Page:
Garage Door Insulation and Repair

"No pleasure, no rapture, no exquisite sin greater... than central air."
-AZRAEL, in Kevin Smith's Dogma

I got a mini-spit air conditioner installed in the garage this past week! The indoor unit sits up high near the ceiling, and supply lines are run out to a small outdoor heat exchanger and power source. It uses no indoor floor space and all gets controlled from a single remote.

I wanted to maximize the chances of this thing keeping the garage at a reasonable temperature when I got out there, so I am going to insulate the garage doors like I did at the last house. First though, I had some repair work to do.


My large garage door is very large. It is 18 feet wide, which is bigger than your typical double wide door. The extra size means more weight and stress. I had a garage door tune up done and they pointed out some damage. Replacing this would be crazy expensive, so I am going to try to patch it up and get a few more years out of it. The smaller door gets used quite frequently, but this one only gets cycled only a few times a week.

The first issue is that the main lifting arm brace broke the top central rib. Some of the panel is split as well.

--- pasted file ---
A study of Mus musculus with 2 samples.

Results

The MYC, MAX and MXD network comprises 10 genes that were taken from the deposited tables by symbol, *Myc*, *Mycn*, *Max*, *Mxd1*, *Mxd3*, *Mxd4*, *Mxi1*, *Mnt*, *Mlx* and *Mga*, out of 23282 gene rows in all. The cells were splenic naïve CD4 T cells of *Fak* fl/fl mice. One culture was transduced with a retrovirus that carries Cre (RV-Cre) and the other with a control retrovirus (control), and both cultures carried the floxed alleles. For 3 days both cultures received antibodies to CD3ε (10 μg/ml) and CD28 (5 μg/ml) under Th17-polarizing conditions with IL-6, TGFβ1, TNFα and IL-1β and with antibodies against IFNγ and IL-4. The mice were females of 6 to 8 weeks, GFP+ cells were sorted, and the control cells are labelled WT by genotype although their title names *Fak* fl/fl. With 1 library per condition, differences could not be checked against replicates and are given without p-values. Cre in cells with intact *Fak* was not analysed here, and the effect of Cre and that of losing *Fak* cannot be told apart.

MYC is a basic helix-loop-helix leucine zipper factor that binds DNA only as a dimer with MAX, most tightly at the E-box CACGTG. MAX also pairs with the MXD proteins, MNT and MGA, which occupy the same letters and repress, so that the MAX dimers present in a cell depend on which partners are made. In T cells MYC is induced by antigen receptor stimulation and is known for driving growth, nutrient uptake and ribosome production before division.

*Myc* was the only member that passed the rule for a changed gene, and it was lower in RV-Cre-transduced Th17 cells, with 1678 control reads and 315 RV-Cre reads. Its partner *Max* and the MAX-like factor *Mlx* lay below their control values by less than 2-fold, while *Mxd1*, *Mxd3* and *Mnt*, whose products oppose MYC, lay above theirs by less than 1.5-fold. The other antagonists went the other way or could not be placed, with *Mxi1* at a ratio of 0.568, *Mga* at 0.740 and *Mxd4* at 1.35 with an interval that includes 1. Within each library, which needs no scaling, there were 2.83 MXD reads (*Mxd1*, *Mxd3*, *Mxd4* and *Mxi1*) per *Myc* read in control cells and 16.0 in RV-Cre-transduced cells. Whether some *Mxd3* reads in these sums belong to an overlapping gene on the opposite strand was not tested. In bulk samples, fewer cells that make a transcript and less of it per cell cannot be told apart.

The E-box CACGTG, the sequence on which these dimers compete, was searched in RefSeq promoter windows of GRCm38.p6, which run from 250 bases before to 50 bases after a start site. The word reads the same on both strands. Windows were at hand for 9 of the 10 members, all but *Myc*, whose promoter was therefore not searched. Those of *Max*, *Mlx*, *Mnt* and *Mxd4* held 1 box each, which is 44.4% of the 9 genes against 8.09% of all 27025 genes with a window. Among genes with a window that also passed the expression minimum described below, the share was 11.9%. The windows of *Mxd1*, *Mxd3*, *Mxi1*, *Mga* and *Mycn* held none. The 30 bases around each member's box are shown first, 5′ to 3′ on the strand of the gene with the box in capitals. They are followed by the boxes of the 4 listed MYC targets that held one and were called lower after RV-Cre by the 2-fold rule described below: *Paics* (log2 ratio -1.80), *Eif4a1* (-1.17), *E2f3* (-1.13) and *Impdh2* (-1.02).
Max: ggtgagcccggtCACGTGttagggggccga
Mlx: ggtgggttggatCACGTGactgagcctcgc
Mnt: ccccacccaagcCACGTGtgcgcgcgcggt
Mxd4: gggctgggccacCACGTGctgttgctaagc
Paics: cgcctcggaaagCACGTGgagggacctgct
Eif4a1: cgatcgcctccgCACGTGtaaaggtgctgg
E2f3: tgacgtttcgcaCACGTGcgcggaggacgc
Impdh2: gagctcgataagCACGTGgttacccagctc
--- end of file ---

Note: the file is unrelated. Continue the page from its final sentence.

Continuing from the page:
I supported a series of rivets by placing a strip of aluminum across the top and drilling through it into a C channel in the bottom groove. The space was so small and awkward that I had to use a right angle drill. Maybe I should have pulled the door up to work on it. That should stop that panel split from advancing any further.

A number of the center ribs had de-bonded from the panels. They are just held on with some kind of adhesive. I guess decades of movement and thermal cycling got to them. I used a silicon adhesive between the two to try and stick them back together with a flexible bond. While that setup, I drilled and riveted through the outside panel into the inner rib.

My only worry is that this doesn’t hold well enough and the rivets end up ripping through the outer panel. If that happens I am probably going to have to get a new door. Time will tell.


With the door reinforced I could add some insulation (weight unfortunately). Being mindful of stress on the big door, I went with 1/2″ rigid foam. 6 panels are enough to do my small and large doors. They are silver foiled on one side and white with writing on the other. I had the text side facing inward at my last place. I wanted this to look a little nicer, so I painted all the text side with white paint.

In retrospect the paint might have actually lowered the R value vs the original foil surface. Oh well. One coat did a decent job, but you can still see the dark text. A second coat covered it up nicely.

With all the panels painted and dry I went about cutting them up on the table saw and slipping them into the panel cavities behind the ribs and hurricane bars. Liquid nails held everything in. That stuff doesn’t seem to cure well when the glob is too thick; I would use silicone next time. A few panels needed a re-glue, but overall it was a success. The paint looks very clean and helps reflect light inside. Now I just need to wait for the dead of summer to see how well the whole system works.